ARMS Hands-On Preview – You’ll Catch These Hands…


Then I played it.


Getting to grips with ARMS is a surprisingly simple experience – the two JoyCons rest in each hand, with the controller flat against your palm and your thumbs resting on the shoulders buttons, almost like a cartoony detonator. Tilting both JoyCons in any direction will make your character start moving, while the shoulder buttons will allow you to jump and dash in those directions. Throwing one arm forward throws a punch, same with the other – throwing both simultaneously will reach for a long-range grab, while tilting the tops of the JoyCons inwards will summon your block.


What’s most important to take away from this, is that the motion controls just worked. For years Nintendo developed motion control games for the Wii, and with the fairly inaccurate Wii remote, rendering public opinion on any motion controls in games… well, less than favorable. With the Wii Motion Plus they fixed many of these issues, but when the peripheral only has about three games to show off what it can do, it inevitably fails. In comes the JoyCons, small, accurate, and more than capable of making a game with the control scheme of ARMS actually work.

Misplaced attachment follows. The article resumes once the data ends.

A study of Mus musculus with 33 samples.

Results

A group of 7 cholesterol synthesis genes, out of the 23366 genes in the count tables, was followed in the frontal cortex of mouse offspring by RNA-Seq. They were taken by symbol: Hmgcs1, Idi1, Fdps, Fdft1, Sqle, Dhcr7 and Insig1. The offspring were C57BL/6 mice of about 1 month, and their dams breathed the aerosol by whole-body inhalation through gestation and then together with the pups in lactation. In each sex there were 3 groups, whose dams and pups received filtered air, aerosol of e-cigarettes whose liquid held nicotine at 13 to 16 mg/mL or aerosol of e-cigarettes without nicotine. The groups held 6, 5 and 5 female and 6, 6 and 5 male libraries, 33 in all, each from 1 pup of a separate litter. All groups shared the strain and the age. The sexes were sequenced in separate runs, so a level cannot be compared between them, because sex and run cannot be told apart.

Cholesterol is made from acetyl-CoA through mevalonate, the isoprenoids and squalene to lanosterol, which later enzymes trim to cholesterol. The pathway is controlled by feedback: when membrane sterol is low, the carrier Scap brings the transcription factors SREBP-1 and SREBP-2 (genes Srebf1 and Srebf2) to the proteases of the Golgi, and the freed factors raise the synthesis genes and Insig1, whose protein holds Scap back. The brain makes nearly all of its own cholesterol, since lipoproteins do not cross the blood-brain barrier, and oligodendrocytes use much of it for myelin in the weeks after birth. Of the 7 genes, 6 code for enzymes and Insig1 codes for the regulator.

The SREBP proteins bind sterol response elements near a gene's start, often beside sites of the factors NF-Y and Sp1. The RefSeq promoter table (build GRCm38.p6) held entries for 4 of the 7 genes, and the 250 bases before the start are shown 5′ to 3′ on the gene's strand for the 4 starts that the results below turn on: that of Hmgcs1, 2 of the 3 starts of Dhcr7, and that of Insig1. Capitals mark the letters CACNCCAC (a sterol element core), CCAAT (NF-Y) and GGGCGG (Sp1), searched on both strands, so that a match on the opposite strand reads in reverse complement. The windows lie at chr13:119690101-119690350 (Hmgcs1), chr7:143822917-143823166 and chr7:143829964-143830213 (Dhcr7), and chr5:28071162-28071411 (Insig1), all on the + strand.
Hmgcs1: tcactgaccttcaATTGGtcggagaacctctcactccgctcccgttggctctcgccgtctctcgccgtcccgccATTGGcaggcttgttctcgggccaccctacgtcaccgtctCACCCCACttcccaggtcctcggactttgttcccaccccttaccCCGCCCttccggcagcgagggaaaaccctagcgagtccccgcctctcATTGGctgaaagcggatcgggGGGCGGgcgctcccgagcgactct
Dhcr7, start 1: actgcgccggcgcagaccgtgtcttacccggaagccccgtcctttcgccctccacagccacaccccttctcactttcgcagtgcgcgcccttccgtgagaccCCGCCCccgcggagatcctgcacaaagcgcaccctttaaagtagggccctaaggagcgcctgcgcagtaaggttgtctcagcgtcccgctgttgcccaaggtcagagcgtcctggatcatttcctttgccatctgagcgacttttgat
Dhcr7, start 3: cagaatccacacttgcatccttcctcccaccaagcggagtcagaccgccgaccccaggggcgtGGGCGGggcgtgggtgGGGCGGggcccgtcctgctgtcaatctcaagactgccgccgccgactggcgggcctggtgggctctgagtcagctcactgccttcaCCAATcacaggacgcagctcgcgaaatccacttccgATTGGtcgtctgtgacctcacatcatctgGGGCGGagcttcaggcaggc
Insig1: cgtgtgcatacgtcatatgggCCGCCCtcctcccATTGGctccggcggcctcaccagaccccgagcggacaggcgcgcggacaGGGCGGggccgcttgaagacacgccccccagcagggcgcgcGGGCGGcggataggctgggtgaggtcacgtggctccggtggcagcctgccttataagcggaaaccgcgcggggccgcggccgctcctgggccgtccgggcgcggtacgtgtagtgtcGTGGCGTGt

And what’s more, there’s real competitive potential here. In the demo shown off at the Nintendo Switch Presentation we saw two ARMS developers throw down, and what we saw was a metagame that had developed internally, one which focuses on movement and offense, and punishes players which leave themselves vulnerable at the wrong time. All of the hallmarks of a proper fighting game are right here, and the potential was clear to be seen, but the only roadblock in the way were those darn motion controls.

And that’s when they confirmed that motion controls were an optional control scheme.

ARMS just could be the next big competitive title for Nintendo, showing the kind of potential that Splatoon has in spades, let’s just hope Nintendo’s online services hold up to the scrutiny of fighting game fans that demand low-latency, because that will make or break Nintendo’s new boxing IP.